Posted by on Sep 24, 2009 in blog links, members, scripture, unity | 9 comments

I love that line. “‘To the church in…’ suggests unity as opposed to exclusion.” I stole that line from my friend Eric (from “A Pilgrim’s Progress“) in his post “To the Church in…” In part of the article, Eric says:

As I have read Paul’s letters over the years, I have pictured him writing to a local body. In particular, I have pictured those who are in the church (of some city) to the exclusion of those who aren’t in the church. I suppose I was inadvertently taking the modern view of church membership and placing it upon those churches. For example, I was picturing Paul writing to the members of the church in Rome, while not writing to those who were not members.

As I read Paul’s letters today, I think the apostle was emphasizing something else when he wrote, “To the church in…” Paul was making it clear that he was writing to ALL the saved people/followers of Jesus/Christians who happened to reside in a particular city. Paul had no aim of excluding any Christian from hearing the letter, but was simply addressing it to those who were in the church body in a particular geographic region…

This ought to make us think about how we view the church. If Paul wrote to all the Christians in an area, it is clear that he considered them ALL to be part of the church. Paul did not make the universal/local distinction that we tend to make in the modern church. If Paul saw, for example, all the Christians in a city as part of the church of that city, that should inform us as we think about issues of unity and membership.

I agree, Eric. When “membership” becomes exclusionary, it is also divisive and it also becomes unscriptural. Great post!


9 Comments


    Alan,

    Thanks for the link. My goal now is to live this out to the best of my ability.

    As I think back on my time in seminary, I realize that we spent a great deal of time talking about how different we Baptists were from other Christians. Why was there so much talk about division?

    I now want to talk much more about my unity in Christ with other Jesus-followers. Christ certainly isn’t divided; why should His church be?

  2. 9-24-2009

    What might it look like to theologically cluster in local congregations while maintaining a sense of city church?

    Is it primarily a mental perspective or are there behaviors that ought to accompany the perspective?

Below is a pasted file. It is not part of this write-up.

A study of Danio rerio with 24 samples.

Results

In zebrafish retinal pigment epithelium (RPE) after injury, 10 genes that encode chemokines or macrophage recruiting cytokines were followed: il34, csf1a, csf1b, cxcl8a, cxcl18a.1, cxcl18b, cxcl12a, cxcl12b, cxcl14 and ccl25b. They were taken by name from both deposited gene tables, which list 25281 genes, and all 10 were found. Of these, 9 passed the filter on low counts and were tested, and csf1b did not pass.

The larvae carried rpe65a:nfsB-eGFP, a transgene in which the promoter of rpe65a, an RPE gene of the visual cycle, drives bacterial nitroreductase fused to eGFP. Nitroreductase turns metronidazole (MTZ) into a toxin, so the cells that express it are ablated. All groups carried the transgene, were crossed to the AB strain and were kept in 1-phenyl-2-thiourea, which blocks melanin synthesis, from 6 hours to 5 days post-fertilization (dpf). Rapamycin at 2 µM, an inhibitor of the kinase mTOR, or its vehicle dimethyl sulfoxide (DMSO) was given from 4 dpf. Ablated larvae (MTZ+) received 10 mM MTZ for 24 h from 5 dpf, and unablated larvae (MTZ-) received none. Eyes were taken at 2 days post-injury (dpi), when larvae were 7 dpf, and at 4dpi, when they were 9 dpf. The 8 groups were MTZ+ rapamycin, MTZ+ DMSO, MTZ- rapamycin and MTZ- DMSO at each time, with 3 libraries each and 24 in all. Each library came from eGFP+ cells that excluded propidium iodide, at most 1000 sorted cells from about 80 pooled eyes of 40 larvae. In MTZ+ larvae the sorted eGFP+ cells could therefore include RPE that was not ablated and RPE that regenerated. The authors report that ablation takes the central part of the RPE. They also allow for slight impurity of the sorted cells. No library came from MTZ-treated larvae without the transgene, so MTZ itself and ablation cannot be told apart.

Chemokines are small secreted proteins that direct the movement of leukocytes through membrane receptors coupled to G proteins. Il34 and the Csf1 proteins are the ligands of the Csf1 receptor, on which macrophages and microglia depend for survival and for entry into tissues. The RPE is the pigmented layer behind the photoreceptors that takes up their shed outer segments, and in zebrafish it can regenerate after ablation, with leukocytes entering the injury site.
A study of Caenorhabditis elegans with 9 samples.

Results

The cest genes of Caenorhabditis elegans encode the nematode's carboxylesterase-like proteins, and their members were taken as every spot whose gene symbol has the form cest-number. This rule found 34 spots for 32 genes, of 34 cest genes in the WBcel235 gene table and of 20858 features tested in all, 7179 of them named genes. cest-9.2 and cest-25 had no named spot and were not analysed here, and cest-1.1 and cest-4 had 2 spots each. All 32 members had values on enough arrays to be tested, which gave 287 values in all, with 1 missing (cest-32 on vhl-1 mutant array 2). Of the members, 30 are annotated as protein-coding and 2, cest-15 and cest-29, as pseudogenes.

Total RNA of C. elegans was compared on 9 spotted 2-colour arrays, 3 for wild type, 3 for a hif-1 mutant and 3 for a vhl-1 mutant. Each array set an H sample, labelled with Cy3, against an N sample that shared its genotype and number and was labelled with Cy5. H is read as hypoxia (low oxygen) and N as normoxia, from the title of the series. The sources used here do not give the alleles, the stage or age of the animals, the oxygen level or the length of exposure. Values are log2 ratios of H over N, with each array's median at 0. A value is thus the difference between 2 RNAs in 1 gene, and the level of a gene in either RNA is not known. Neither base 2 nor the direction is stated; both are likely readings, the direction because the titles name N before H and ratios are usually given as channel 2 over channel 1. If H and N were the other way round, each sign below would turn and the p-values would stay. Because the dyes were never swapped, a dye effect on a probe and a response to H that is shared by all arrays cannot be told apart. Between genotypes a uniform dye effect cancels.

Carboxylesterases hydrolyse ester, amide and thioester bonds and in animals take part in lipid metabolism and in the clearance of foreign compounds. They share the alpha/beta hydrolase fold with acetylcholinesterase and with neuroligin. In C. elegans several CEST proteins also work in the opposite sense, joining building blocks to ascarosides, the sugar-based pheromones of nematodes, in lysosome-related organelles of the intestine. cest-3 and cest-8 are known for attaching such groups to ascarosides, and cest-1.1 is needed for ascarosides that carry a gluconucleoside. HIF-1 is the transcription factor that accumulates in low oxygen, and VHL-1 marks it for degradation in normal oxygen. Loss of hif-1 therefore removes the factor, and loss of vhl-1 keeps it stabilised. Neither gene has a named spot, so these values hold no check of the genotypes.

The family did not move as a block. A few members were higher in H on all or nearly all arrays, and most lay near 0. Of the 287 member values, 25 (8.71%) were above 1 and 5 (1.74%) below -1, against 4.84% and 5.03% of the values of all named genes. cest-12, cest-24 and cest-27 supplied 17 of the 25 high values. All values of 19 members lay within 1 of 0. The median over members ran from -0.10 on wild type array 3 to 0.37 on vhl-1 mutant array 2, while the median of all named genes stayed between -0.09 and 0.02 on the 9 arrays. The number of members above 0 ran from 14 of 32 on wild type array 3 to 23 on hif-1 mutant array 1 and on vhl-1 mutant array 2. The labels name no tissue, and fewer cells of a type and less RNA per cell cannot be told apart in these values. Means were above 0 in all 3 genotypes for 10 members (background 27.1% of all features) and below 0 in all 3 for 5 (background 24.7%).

3. 9-24-2009

    In our new community we have a statement of faith – Apostles Creed and Nicene Creed. I really didn’t want to have one and have never talked about it…but we have them. I’m seeking to be as INCLUSIVE (I know that is a politically charged word and would be OPEN to other suggestions:) as possible. What will mark us out, I pray, is loving others as Christ loved us.

    I think most would agree that political divisions can be overcome in “the church”. What would break us though? Theological Issues (inerrancy, substitutionary atonement, etc.)? Particular stances on moral issues (homosexuality / abortion)? Is it possible to hold to a very simple “creed” and be ONE BODY with very divergent theological, political, moral views?

  4. 9-24-2009

    Amen, Eric!

  5. 9-24-2009

    Eric,

    I agree that much in seminary tends to encourage division instead of unity.

    Laura and franklin,

    I think there is more than a mental perspective required. I think there should be some form of fellowship at some level. But, before we can have any kind of fellowship, we have to learn to accept one another in spite of our differences. Romans 14-15 could help us with this.

  6. 9-25-2009

    Good post, and good insight, Eric. Jesus nailed our petty doctrinal differences to the cross some two thousand years ago. Many years ago I attended a fundamentalist Baptist church that emphasized their tradition as superior to all others. B.S. Doctrines of demons! Is Christ divided? We will be one body when we realize that the grace of Jesus Christ is sufficient, and when love is the only commandment.

  7. 9-25-2009

    Alan,

    I agree wholeheartedly. Working at a non-denominational university and attending a non-denominational seminary has taught me an important lesson: Baptists have not cornered the market on God’s truth.

    After sticking my foot in it too many times to recount, I’m learning how to listen and work to understand the other person’s perspective: strengthening or correcting my own in the process. I’m not there yet, but the journey has certainly begun.

    As for the level for such fellowship, I think it is imperative for the city church, at the least.

  8. 9-25-2009

    Tracey,

    BS Doctrines of demons… I laughed at that. When we learn to accept one another as God accepts us in Christ, I think we’ll begin to understand what it means to be the church.

    Laura,

    You may be interested in a “chain blog” that we did a little over a year ago concerning City Church. You can find a link to the first post here: “City Church – A Chain Blog“.

    -Alan

  9. 9-25-2009

    Alan,

    Thanks for the link. I will certainly check that out, as the more I ponder, the more interested in the topic (and the reality) I become.